Vitamins and minerals tend to go through popularity stages. Fish oil has been all the rage. Now it’s being called into question. Vitamin E has had a similar fate. Scientists recently focused on vitamin D and breast cancer prevention. After reviewing two studies involving thousands of women, Italian researchers suggest that vitamin D supplements do not help prevent breast cancer.
They admit, though, that these findings aren’t firm.
One integrative oncologist questioned the design of this recent research, along with its conclusions.
Maddalena Barba, PhD, a researcher at the Regina Elena National Cancer Institute of Rome, Central Italy, led this review and analysis of randomized controlled trials.
The goal of the meta-analysis (review of previous studies) was to determine the effect of vitamin D supplementation on breast cancer incidence (rates).
Participants in the two studies that the researchers analyzed were randomly assigned to take vitamin D or a placebo (sugar pill). One study enrolled 5,292 people and the other included 1,180 individuals.
In the larger study, participants were assigned to take either 800 IU of vitamin D3, 1000 milligrams of calcium, both supplements or a placebo (fake supplement) for 24 to 62 months. For the second study, study members took either placebos or 1,400 to 1,500 milligrams of calcium and 1,000 IU of vitamin D3.
Neither study found an association between vitamin D supplementation and lower incidence of breast cancer.
This study's senior author, Antonio Giordano, MD, PhD, of the Sbarro Institute for Cancer Research and Molecular Medicine and Center of Biotechnology at Temple University in Philadelphia, said in a prepared statement, that "...vitamin D supplementation seems not to be associated with a reduced risk of breast cancer development in women. However, the scientific panorama related to the association of interest is still limited and overall inadequate to draw firm conclusions."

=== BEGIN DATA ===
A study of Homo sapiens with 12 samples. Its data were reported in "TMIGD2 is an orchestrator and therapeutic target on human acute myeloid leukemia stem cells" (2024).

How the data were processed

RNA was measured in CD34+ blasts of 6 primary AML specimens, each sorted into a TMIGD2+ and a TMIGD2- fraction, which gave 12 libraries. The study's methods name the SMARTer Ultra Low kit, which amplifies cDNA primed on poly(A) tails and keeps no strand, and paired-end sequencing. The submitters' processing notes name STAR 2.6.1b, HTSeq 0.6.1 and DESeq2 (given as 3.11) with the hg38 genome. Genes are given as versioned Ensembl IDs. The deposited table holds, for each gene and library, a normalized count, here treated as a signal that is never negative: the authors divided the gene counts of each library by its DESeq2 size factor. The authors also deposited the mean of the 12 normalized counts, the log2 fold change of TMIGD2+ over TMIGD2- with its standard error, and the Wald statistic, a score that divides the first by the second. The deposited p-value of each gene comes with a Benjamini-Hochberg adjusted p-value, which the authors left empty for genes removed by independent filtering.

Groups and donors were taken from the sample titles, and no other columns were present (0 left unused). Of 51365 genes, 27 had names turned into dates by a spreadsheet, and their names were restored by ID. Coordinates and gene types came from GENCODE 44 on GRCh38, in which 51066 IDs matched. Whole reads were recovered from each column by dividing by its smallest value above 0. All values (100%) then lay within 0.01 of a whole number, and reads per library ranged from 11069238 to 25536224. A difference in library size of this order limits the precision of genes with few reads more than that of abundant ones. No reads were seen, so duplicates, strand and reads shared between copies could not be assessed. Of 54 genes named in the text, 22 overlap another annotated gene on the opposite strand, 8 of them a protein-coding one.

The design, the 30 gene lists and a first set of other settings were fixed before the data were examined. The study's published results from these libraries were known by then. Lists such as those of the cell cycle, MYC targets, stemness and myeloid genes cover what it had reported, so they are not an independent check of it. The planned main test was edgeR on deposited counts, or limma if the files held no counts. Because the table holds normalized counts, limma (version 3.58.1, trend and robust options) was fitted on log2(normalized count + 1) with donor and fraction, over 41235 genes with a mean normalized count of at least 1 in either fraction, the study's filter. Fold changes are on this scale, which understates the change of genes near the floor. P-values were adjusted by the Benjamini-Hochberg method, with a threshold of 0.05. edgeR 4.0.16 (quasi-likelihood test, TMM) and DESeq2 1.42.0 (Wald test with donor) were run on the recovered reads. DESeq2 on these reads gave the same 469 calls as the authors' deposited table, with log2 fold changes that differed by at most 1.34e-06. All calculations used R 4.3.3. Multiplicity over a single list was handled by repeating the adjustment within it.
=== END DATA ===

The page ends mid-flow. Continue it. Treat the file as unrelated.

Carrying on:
dailyRx News spoke with integrative oncologist Brian D. Lawenda, MD, clinical director of Radiation Oncology at 21st Century Oncology in Las Vegas, about this study. "Breast cancer, as with the majority of cancers, takes many years to develop,” Dr. Lawenda said. “Looking for a risk reduction effect by analyzing data from short-term nutrient intervention studies completely misses the point."
He added that supplementing with vitamin D3 for less than five years "...is likely too short to both detect any cancer risk reduction and deliver an adequate anti-cancer benefit."
Dr. Lawenda, who is founder of IntegrativeOncology-Essentials.com, described the dosing of vitamin D as "...quite meager (800-1000 IU/day), considering the minimum RDA [recommended daily allowance] is 600-800 IU/day."
“Finally, this meta-analysis tells us nothing about whether patients had adequate vitamin D levels (25-hydroxyvitamin D) during their supplementation. This is important information to know, as many adults require significantly higher doses of vitamin D3 to reach a healthful level of this important nutrient,” said Dr. Lawenda, who was not involved in the study.
“As an integrative oncologist, I always recommend obtaining readings of 25-hydroxyvitamin D levels at baseline and during supplementation to help guide safe and effective supplementation,” he said.
This study was published July 22 in PLOS One.
Italian Medicines Agency (AIFA) supported this research. No conflicts of interest were disclosed.